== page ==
Young people in other sectors of Israeli society receive exemptions from the military. These include mainly Haredi men who maintain that Torah study is the main practice for defending Israel; they are exempted under the Torato Omanuto arrangements. Arab citizens of Israel are also exempted, in order to avoid a conflict between allegiance to their country and to their Arab brothers (a decision originally taken by Israel's first Prime Minister, David Ben-Gurion). Historically, very few did, but in recent years, the number of Arab youths volunteering for national service has increased[citation needed]. Some Israeli conscientious objectors who object to serving in the army, but are not eligible for an exemption, have voiced a wish to do an alternative form of national service instead.

In 2012, after much discussion and debate, Israel's cabinet extended military service exemption for 1,300 Haredi Yeshiva students as part of the "Shirut Le'umi Mishmar". This allows Yeshiva students to join national service, as opposed to joining the IDF. As part of the scheme, the defense minister is obliged to postpone the military service of Yeshiva students approved for national civil service, and who are at least 26 years old, or are at least 22 years old and have at least one child.[1]



Youths work in various programs. The majority work in schools, but can also work in places such as special education, administration, hospitals, law, geriatrics, nursing homes, health clinics, teens at risk, internal security, disadvantaged communities, immigrant assistance, and many other organizations. Acceptance is based on an interview via a placement organizations that try to find the youth appropriate skills, interests, and needs.

Placement organizationsEdit

There are four main placement organizations for Sherut Leumi. They are the Agudah LeHitnadvut (lit. Volunteering Union), Shlomit, Aminadav, and Bat Ami. Each volunteer is then assigned to a coordinator (rakezet), who serves as a supervisor and adviser for the youth throughout their time in Sherut Leumi.


Bnot Sherut (lit., female youth in the service) and Bnei Sherut (lit., male youth in the service) are entitled to a number of benefits during their service. Many of these benefits are the same as what a soldier serving in the army receives. They include:

  • Monthly stipend for necessities. Amount varies with location and type of service, though usually is approximately 600 Shekels a month.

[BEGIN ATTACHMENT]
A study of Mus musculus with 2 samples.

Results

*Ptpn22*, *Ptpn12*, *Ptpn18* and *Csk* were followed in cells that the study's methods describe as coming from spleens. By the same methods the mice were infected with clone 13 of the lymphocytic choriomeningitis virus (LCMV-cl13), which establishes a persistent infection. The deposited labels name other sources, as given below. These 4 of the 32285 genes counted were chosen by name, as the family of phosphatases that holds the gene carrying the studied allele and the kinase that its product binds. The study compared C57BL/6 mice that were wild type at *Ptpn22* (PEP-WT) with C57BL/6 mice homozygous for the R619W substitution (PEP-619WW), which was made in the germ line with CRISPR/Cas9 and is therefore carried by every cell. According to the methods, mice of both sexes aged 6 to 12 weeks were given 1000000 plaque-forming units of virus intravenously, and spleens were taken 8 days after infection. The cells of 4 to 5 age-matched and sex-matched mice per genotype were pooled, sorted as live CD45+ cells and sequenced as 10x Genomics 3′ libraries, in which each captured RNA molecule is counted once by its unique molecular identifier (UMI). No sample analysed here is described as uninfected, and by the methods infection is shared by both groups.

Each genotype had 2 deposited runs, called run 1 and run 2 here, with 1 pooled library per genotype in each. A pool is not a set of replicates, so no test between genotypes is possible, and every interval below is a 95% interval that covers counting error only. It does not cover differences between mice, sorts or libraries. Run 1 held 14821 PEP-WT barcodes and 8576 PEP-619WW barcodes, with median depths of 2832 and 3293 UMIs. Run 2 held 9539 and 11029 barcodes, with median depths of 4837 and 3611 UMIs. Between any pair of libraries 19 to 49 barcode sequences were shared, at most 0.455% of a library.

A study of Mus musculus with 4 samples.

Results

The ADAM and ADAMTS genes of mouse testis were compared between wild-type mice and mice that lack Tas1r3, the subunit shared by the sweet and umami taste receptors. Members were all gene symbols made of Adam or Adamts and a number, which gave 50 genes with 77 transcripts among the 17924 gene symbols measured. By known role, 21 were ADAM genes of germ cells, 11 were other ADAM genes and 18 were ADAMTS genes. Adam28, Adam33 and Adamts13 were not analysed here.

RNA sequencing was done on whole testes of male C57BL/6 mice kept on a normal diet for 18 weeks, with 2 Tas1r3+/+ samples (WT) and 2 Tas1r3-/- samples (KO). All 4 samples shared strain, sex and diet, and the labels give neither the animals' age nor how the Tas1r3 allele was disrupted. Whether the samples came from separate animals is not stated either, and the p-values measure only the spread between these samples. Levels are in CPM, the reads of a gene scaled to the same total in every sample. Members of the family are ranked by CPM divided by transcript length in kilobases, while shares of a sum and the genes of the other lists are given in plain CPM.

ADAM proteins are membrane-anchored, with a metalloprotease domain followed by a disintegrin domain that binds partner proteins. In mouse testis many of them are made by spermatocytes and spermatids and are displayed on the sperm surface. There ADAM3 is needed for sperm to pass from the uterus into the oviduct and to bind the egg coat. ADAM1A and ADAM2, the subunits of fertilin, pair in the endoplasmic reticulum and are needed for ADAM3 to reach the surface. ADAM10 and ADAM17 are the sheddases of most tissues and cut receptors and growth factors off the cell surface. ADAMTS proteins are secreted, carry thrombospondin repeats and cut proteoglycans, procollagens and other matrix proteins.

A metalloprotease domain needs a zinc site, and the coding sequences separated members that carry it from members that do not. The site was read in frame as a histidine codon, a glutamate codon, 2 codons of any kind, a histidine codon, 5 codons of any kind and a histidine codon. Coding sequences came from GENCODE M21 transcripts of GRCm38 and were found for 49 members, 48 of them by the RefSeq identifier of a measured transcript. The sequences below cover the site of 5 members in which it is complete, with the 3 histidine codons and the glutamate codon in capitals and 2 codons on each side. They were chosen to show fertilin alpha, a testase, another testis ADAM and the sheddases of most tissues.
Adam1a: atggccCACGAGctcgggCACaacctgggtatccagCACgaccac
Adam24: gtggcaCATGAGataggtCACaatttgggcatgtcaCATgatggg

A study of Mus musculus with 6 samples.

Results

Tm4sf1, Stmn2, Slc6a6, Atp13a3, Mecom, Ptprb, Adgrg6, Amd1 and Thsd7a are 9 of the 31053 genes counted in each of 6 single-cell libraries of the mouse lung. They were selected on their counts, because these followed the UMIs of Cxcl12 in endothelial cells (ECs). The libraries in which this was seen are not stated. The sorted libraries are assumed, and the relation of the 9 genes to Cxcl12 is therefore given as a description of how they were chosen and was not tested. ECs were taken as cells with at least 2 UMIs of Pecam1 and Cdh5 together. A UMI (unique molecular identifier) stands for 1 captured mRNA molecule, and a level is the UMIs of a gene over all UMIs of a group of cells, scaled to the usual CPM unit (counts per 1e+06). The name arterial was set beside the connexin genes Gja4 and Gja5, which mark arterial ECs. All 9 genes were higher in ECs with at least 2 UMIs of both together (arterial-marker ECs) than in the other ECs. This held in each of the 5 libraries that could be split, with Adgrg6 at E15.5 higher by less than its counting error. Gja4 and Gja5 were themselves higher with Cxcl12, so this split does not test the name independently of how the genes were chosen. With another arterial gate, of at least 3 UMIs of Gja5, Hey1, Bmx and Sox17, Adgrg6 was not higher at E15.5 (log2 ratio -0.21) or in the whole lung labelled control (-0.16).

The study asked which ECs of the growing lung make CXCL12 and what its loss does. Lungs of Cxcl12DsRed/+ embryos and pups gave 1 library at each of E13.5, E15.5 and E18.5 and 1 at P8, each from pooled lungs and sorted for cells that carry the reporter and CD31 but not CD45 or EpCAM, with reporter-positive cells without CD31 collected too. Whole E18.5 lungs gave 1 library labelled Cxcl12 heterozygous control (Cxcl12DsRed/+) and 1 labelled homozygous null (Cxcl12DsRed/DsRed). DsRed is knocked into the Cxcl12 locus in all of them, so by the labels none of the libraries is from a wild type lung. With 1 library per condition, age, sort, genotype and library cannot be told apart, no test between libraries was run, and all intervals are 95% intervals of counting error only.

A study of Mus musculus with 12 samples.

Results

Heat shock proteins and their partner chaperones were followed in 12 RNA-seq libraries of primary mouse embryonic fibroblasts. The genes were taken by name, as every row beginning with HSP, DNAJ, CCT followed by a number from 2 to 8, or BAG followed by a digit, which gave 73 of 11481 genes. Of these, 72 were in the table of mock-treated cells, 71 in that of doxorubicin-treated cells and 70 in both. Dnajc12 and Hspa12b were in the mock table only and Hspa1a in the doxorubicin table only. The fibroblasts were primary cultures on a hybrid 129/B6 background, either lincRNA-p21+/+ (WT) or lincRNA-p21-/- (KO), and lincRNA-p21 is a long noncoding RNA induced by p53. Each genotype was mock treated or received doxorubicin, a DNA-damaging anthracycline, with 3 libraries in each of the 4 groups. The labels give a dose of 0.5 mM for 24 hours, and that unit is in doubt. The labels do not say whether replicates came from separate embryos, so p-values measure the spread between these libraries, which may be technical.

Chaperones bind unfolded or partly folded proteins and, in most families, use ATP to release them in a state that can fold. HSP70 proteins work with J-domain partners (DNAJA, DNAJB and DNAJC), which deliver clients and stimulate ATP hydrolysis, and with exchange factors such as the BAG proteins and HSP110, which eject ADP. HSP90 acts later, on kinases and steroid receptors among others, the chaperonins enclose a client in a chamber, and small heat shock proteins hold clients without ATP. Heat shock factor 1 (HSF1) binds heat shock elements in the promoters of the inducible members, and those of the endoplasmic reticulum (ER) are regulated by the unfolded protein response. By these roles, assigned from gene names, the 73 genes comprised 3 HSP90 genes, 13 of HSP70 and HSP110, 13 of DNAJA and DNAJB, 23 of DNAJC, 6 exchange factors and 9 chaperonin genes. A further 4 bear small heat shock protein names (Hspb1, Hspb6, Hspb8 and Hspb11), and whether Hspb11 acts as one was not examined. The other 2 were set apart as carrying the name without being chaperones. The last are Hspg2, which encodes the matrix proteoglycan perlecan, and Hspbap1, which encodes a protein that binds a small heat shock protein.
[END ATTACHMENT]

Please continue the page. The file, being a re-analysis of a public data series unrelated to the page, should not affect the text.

• Apartment housing in the city where they are serving.
  • Refunds on intra-city bus passes (and a stamp that grants free rides on inter-city bus lines if necessary)
  • Discounts offered by various business establishments.
  • Social Programs such as weekend getaways, tours, learning programs, and parties.
  • Weekly classes are often available, and sometimes required, on various Judaism-related subjects.
  • At the end of the service, the Israeli volunteers receive a grant that can be used for things such education, buying a house, or paying for a wedding.
  • Foreign volunteers receive private medical insurance.
  • Free train rides (Since 2001)

Israeli Arabs in National ServiceEdit

Rather than volunteer for army service, young people who are Arab citizens of Israel have the option to volunteer for this alternative national service and receive benefits similar to those received by discharged soldiers. The volunteers are generally allocated to Arab populations, where they assist with social and community matters. As of 2010 there were 1,473 Arabs volunteering for national service. According to sources in the national service administration, Arab leaders are counseling youths to refrain from performing services to the Israeli state. According to a National Service official, "For years the Arab leadership has demanded, justifiably, benefits for Arab youths similar to those received by discharged soldiers. Now, when this opportunity is available, it is precisely these leaders who reject the state's call to come and do the service, and receive these benefits".[2]